Can vitamins and minerals really improve the quality of beef carcasses?

The current trend in meat consumption is that consumers prefer high-quality meat with a higher marbling of fat within the muscle, as it makes the meat tender, juicy, flavorful, and aromatic. If we aim for high-quality carcasses and beef, undoubtedly, genetic factors are crucial in determining quality. This is related to the genetics of the cattle and the diet they receive. Some breeds, particularly those of European descent, tend to accumulate more marbling than local Thai breeds or breeds from India. However, the supplementation of vitamins and minerals also plays an important role in improving carcass quality and enhancing the quality of beef.

Chromium (Cr) is a mineral that functions in the metabolism process, enhances the action of insulin hormone, allowing glucose to be efficiently used as energy. It helps reduce cortisol hormone levels and also plays a role in synthesizing DNA, RNA, and proteins, which can increase lean muscle mass and reduce fat percentage.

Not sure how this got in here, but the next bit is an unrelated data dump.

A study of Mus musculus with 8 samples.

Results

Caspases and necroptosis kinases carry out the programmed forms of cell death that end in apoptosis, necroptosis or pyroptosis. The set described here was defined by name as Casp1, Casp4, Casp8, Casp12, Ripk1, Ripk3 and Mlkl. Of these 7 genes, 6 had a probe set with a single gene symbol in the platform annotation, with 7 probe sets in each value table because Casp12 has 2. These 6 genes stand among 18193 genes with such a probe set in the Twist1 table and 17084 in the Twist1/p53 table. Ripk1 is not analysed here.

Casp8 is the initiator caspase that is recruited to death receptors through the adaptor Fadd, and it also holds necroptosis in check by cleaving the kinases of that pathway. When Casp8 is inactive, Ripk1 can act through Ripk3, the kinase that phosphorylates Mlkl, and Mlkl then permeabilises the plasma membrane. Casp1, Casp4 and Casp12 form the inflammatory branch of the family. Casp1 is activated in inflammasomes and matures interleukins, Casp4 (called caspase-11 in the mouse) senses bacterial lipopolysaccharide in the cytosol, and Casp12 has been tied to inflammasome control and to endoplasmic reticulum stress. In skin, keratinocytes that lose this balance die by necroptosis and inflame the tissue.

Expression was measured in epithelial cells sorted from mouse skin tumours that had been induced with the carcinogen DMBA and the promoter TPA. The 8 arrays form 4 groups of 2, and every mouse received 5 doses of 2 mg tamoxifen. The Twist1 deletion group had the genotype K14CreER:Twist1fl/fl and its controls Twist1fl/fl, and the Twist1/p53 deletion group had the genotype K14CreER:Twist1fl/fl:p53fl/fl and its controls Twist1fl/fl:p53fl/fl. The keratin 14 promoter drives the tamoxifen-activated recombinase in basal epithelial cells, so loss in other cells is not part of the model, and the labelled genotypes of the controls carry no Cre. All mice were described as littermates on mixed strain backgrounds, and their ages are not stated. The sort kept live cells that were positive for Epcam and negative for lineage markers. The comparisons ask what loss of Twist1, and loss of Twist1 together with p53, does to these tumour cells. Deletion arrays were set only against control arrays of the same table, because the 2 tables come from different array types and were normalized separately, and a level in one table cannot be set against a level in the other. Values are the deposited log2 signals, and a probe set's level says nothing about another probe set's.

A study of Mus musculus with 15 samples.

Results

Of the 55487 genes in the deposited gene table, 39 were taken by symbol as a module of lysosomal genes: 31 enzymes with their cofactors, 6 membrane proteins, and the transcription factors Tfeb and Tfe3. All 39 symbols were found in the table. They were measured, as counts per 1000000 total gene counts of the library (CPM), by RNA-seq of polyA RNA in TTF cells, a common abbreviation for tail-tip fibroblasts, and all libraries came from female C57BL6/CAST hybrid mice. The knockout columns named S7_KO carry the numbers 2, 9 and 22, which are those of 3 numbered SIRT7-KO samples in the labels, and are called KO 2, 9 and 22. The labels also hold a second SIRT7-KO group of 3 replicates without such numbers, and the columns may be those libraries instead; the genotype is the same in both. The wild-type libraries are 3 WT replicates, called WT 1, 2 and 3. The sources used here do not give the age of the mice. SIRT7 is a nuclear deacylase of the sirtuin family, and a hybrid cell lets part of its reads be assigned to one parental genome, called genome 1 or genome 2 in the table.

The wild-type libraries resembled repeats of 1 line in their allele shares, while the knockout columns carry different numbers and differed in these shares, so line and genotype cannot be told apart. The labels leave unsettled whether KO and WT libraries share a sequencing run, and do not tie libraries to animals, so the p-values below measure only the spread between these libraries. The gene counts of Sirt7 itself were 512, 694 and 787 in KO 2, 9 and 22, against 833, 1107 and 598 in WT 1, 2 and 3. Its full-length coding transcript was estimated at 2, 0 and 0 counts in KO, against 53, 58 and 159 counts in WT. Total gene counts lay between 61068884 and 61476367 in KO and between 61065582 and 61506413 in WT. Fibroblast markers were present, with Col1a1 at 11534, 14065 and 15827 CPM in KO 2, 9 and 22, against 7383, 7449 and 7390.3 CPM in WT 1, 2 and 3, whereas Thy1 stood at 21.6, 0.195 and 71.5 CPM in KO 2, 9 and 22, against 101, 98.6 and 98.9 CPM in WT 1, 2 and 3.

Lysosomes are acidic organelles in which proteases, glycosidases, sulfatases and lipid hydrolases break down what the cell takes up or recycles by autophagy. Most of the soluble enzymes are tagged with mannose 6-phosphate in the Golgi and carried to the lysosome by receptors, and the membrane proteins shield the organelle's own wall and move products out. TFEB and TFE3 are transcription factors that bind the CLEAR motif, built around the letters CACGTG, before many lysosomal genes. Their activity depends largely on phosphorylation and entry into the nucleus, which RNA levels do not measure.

Selenium (Se) is a mineral that acts as an antioxidant, helping to prevent cell damage, promote cell division, and strengthen cells. It reduces the incidence of meat spoilage, thus extending the shelf life of meat.
Vitamin A is a vitamin that helps promote growth, reduce drip loss, and increase marbling in muscle tissue.
Vitamin E is a vitamin that acts as an antioxidant, helps reduce stress, and aids in the accumulation of glycogen in muscle tissue.
Vitamin C is a vitamin that acts as an antioxidant, works together with selenium and vitamin E, helps reduce stress, and improves the color quality of meat.
In addition to the mentioned vitamins and minerals, other substances also play a role in promoting growth and improving carcass quality. It can be said that promoting carcass quality involves various factors including genetics, nutrition and feeding, management, as well as the health of the cattle, which should be consistently emphasized to improve the efficiency of cattle farming.